This special and rare long sword dha almost certainly was part of the regalia for a Shan ruler and possibly was held by the ruler’s bodyguard during state occasions. It is similar to those that can be seen being held aloft by bodyguards in a well-known photograph of seven Shan rulers – the Saohpa of Muong Pawn, Keng Tung, Muong Nai, Hsenwi, and Yawnghwe, and the Myosa of Kantarawadi and Hsamuonkham – at the Delhi Durbar of 1903 – see below, and also reproduced in Conway (2006, p. 66.) (The Shan States functioned for hundreds and perhaps for more than a thousand years as feudal city-states ruled over by local hereditary chiefs called saohpas or sawbwas. They were regarded as the absolute rulers of their region, in the same way that the Burmese monarchs had total control over their subjects. Each ruler had a court and accompanying regalia.)
The dha is completely encased in gilded metal. The scabbard and handle are ringed with thirteen rings of ruby-coloured stoned and foil-backed glass in box and pave settings.
The blade is of high-quality steel. It ends not in a tip but with a concave end, as dhas sometimes do. Such blades also are sometimes encountered in Thailand where such concave tips on long, dha-like swords are known as hua tat (tad) khong tips. (In Burma, concave tips generally are seen on dha from Upper Burma, particularly from the Kachin and Shan states.)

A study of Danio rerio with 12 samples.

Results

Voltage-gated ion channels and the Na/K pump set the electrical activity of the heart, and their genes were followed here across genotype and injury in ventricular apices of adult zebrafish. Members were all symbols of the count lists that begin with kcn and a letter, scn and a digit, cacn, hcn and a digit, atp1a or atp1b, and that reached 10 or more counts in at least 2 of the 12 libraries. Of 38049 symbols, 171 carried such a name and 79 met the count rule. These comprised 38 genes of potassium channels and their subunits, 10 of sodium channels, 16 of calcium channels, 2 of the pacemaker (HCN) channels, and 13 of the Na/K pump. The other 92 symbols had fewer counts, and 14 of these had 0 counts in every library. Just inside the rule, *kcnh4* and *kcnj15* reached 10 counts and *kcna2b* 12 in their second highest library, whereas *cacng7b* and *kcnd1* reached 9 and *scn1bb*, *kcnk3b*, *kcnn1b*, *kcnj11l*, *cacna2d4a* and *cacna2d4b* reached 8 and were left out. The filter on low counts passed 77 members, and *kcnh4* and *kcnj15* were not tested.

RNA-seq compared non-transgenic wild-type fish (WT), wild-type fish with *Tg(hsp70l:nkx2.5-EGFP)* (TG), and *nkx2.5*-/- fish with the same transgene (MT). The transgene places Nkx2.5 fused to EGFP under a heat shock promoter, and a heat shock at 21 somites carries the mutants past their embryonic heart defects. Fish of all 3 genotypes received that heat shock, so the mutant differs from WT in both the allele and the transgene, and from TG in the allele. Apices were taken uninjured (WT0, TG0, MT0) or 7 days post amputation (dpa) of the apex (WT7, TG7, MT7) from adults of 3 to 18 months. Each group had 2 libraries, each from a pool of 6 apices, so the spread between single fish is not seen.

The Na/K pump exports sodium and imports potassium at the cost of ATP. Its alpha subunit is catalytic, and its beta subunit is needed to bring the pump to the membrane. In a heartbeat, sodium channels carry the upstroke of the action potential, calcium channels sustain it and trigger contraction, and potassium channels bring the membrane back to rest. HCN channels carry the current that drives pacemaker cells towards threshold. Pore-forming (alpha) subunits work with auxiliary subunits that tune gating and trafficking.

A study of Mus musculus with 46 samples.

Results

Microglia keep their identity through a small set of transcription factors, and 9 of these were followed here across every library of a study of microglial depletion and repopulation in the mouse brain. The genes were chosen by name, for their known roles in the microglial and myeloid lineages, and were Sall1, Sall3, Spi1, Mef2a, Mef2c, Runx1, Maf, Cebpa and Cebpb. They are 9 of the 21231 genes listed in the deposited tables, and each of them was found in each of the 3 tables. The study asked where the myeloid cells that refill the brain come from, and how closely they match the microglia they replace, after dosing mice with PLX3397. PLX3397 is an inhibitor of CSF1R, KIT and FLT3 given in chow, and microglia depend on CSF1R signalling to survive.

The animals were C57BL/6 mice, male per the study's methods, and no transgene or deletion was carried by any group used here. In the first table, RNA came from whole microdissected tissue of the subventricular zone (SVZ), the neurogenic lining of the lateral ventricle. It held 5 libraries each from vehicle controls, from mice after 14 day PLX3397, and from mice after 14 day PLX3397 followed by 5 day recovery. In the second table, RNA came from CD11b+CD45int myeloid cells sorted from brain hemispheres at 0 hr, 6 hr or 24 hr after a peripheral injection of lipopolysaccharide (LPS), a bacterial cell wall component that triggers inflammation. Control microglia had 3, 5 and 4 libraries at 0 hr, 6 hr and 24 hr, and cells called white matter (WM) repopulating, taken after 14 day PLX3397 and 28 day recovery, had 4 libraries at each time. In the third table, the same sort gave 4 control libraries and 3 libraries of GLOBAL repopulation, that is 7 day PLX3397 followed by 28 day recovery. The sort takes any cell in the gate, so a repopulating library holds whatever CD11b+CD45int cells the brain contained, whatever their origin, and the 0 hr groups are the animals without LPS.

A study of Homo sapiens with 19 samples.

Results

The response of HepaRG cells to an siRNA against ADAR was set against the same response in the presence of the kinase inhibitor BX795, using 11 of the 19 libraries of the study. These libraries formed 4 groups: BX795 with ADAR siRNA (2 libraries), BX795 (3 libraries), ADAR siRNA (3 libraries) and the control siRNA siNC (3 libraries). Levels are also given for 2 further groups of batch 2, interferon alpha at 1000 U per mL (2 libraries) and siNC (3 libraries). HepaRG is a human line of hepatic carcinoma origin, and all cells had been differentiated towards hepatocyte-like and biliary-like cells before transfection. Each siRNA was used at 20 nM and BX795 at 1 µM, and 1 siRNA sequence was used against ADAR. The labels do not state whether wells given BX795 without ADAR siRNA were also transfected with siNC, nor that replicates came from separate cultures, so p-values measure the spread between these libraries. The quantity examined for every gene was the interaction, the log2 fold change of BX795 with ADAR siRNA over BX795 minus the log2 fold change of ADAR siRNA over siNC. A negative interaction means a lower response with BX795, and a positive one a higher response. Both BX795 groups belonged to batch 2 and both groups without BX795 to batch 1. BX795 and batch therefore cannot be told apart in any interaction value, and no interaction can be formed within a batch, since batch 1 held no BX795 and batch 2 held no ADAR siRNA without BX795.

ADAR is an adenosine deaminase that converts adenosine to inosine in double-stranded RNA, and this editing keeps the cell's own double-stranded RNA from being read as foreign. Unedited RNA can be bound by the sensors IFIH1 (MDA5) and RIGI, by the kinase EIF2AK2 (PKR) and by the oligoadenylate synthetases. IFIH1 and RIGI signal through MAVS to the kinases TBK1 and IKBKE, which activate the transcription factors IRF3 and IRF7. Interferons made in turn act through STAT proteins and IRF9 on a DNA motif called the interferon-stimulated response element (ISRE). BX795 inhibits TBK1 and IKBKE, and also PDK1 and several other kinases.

The exterior is decorative and refined. But the blade shows that this is a serious weapon designed to be used – thus making it ideal for a bodyguard at court and state occasions: it is both decorative and protective.
The styling of this dha is in keeping with the Burmese gold and ruby-studded regalia kept in the Burma’s National Museum. (Burma is the world’s biggest source of rubies. The main area for ruby mining is around the northern town of Mogok.) The regalia, as well as many other items of gold and rubies, was looted by British forces from King Thibaw’s palace in Mandalay in 1885. A list of treasure handed over to the British includes mention of seven swords with handles and sheafs set with rubies and diamonds. Much of the treasure was probably melted down but many pieces almost certainly have ended up in private collections around the world, but often with their royal provenance obscured. Key pieces of the regalia were returned by the British to Burma in 1964 and 1965.
The dha here has minor dents here and there consistent with age and use. All the requisite stone and glass inserts are present; but some are later replacements. There is restoration to the hilt/pommel.
The image below is of the princely Shan rulers, mentioned above, dating to 1903. The guard on the far left holds aloft a dha not unlike the example here.
Conway, S., The Shan: Culture, Arts & Crafts, River Books, 2006.
Fraser-Lu, S., Burmese Crafts: Past and Present, Oxford University Press, 1994.
Themelis, T., Mogok: Valley of Rubies & Sapphires, A&T Publishing, 2000.